Wednesday, June 1, 2016

Death could drop from the dark / As easily as song – / But song only dropped - all Isaac Rosenberg poems become war poems

Isaac Rosenberg is now, inescapably, a “war poet.”  Rosenberg was killed in action in France in April 1918.  He was 27.  His great poetic achievements are a couple dozen poems about the war and soldiering, mostly written while Rosenberg was in the service, delivering barbed wire and sending poems off to Poetry magazine, which published “Break of Day in the Trenches,” with its “queer sardonic rat,” in 1916:

Droll rat, they would shoot you if they knew
Your cosmopolitan sympathies…
What do you see in our eyes
At the shrieking iron and flame
Hurled through still heavens?

But Rosenberg was not always a war poet.  He was a young post-pre-Raphaelite, a devotee of Keats, D. G. Rossetti, and some mishmash of 1890s poets, Francis Thompson, that sort of thing.  This sort:

These, my earth-sundered fantasy
On pillared heights of thought doth see
In the dark heaven as golden pendulous birds,
Whose tremulous wings the wind translates to words… (from “Night,” 1912)

Promising, although the most likely thing it promises, once he has shed some excesses – or really indulged them, is a good minor poet.  Or maybe a Romantic counterweight to the Eliot and Pound.

Rosenberg’s first chapbook, Night and Day (1912) is seen above.  There are “No symboled answers to my questionings,” the poet fears, but the poet’s job is to try.  Youth (1915) is better – more taut and grounded, even if the one war poem, “The Dead Heroes,” is almost abstract:

Flash, mailèd seraphim,
Your burning spears;
New days to outflame their dim
Heroic years.

I do not think of this one as a good poem, but it is a step towards the poems to come.  Rosenberg is preparing to meet that rat and to hear the larks along the “poison-blasted track” to camp:

Death could drop from the dark
As easily as song –
But song only dropped…  (“Returning, We Hear the Larks”)

Or the lice in “Louse Hunting”:

See Gargantuan hooked fingers
Pluck in supreme flesh
To smutch supreme littleness…

As with Pasternak and Akhmatova, the strong aspect of Rosenberg’s biography, colors everything about him.  I include his Jewishness, the side of Rosenberg I find most puzzling.  In poems like “The Destruction of Jerusalem by the Babylonian Hordes” he uses imagery from the Hebrew Bible that only obliquely matches with what I understand of the war.  They are another kind of “symboled answers” that I do not know how to decode.  An exception is “The Jew,” a painful cry against prejudice:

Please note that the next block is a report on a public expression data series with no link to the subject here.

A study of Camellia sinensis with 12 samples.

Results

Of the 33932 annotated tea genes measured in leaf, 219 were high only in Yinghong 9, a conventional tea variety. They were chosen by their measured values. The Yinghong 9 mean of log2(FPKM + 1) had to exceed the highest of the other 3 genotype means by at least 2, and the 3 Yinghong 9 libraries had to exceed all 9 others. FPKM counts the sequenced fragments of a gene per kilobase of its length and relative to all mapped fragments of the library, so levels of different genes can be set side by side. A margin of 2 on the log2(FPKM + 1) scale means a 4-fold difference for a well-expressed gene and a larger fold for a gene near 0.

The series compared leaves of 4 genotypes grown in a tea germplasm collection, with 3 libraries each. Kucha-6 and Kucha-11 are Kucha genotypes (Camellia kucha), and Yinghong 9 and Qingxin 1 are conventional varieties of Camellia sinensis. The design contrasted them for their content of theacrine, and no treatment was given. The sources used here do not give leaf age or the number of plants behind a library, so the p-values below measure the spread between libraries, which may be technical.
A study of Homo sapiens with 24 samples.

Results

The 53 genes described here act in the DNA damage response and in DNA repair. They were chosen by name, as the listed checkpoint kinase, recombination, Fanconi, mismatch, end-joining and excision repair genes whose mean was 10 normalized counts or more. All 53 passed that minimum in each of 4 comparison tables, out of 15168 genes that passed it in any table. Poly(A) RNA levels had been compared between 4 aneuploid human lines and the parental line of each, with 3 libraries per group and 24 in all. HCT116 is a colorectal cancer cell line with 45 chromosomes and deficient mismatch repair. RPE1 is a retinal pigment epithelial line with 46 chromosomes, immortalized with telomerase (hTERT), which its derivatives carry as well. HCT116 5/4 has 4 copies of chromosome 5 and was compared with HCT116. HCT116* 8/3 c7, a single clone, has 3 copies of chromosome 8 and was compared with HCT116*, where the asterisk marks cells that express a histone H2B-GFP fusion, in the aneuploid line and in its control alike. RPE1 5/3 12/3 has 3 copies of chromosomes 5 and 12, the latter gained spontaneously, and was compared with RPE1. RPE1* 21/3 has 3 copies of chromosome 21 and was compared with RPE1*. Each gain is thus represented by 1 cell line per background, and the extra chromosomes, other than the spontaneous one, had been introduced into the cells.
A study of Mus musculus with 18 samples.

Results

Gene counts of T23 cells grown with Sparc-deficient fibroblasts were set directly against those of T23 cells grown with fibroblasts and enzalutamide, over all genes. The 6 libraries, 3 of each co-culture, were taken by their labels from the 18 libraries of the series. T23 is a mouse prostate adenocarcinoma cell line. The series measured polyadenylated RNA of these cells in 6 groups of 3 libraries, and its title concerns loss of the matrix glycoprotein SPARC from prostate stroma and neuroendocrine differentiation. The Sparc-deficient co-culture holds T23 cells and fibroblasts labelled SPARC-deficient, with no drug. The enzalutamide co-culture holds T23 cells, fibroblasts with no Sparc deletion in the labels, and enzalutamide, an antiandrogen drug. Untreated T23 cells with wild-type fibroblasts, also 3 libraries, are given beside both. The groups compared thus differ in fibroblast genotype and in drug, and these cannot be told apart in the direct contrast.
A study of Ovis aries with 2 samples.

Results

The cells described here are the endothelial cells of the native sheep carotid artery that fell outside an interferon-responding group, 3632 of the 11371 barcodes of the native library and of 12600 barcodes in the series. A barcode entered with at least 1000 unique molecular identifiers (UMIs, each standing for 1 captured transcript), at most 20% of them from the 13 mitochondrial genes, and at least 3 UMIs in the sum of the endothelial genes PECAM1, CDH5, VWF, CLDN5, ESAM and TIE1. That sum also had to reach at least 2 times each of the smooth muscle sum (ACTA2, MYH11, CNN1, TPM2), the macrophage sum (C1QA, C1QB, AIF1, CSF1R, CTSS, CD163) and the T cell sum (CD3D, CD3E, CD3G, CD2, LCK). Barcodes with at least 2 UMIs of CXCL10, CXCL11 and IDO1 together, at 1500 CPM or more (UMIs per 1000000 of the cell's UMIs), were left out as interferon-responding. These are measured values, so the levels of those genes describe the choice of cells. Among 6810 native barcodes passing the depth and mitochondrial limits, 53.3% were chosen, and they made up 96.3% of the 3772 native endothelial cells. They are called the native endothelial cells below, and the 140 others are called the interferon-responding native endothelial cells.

Moses, from whose loins I sprung,
Lit by a lamp in his blood
Ten immutable rules, a moon
For mutable lampless men.

The blonde, the bronze, the ruddy,
With the same heaving blood,
Keep tide to the moon of Moses.
Then why do they sneer at me?

The first stanza is especially fine, almost distracting me from the pointed end of the poem.

Although I tracked down more of his earlier poems, the 1922 Selected Poems is a good place to read Isaac Rosenberg. 


  1. The whole of Rosenberg - or all that is left - fits in a fairly short Oxford English Poets volume.
    He was also pre-Raphaelite in that he doubled up as poet and painter.

  2. His self-portraits are striking.

    I found all of Rosenberg worth reading, even the formative stuff, except for the verse play "Moses" and another verse play fragment called "The Unicorn" - both baffling.

  3. In all my reading of the War Poets, I could never get into Rosenberg, not at all. Of all these, I think I like "Dead Heroes" best.

  4. He is a lot harder than Wilfred Owen, more abstract, less dramatic. Until the rats crawl into the trench, at least.

  5. Paul Fussell's The Great War and Modern Memory concentrates on Owen, Sassoon, Blunden, Graves...and depicts them as old-fashioned pastoral writers dealing with events their ideas of literature could not fit in. Rosenberg was a modernist before the war: urban, jewish, the child of immigrants aware of his foreignness. Psychologically, he knew more of what the war would be like before it began.

  6. That's very interesting, Rosenberg really does stand apart, then.

    I should read Fussell.

    1. I think that studying art was an important aspect of Rosenberg's modernism. Modernism reached Britain earlier in art than literature and there was a cross-over: Wyndham Lewis and David Jones are other obvious examples of modernist artist-writers,

  7. Thanks, that is a useful context. I have meant to read Jones for decades now, for all the good that has done me.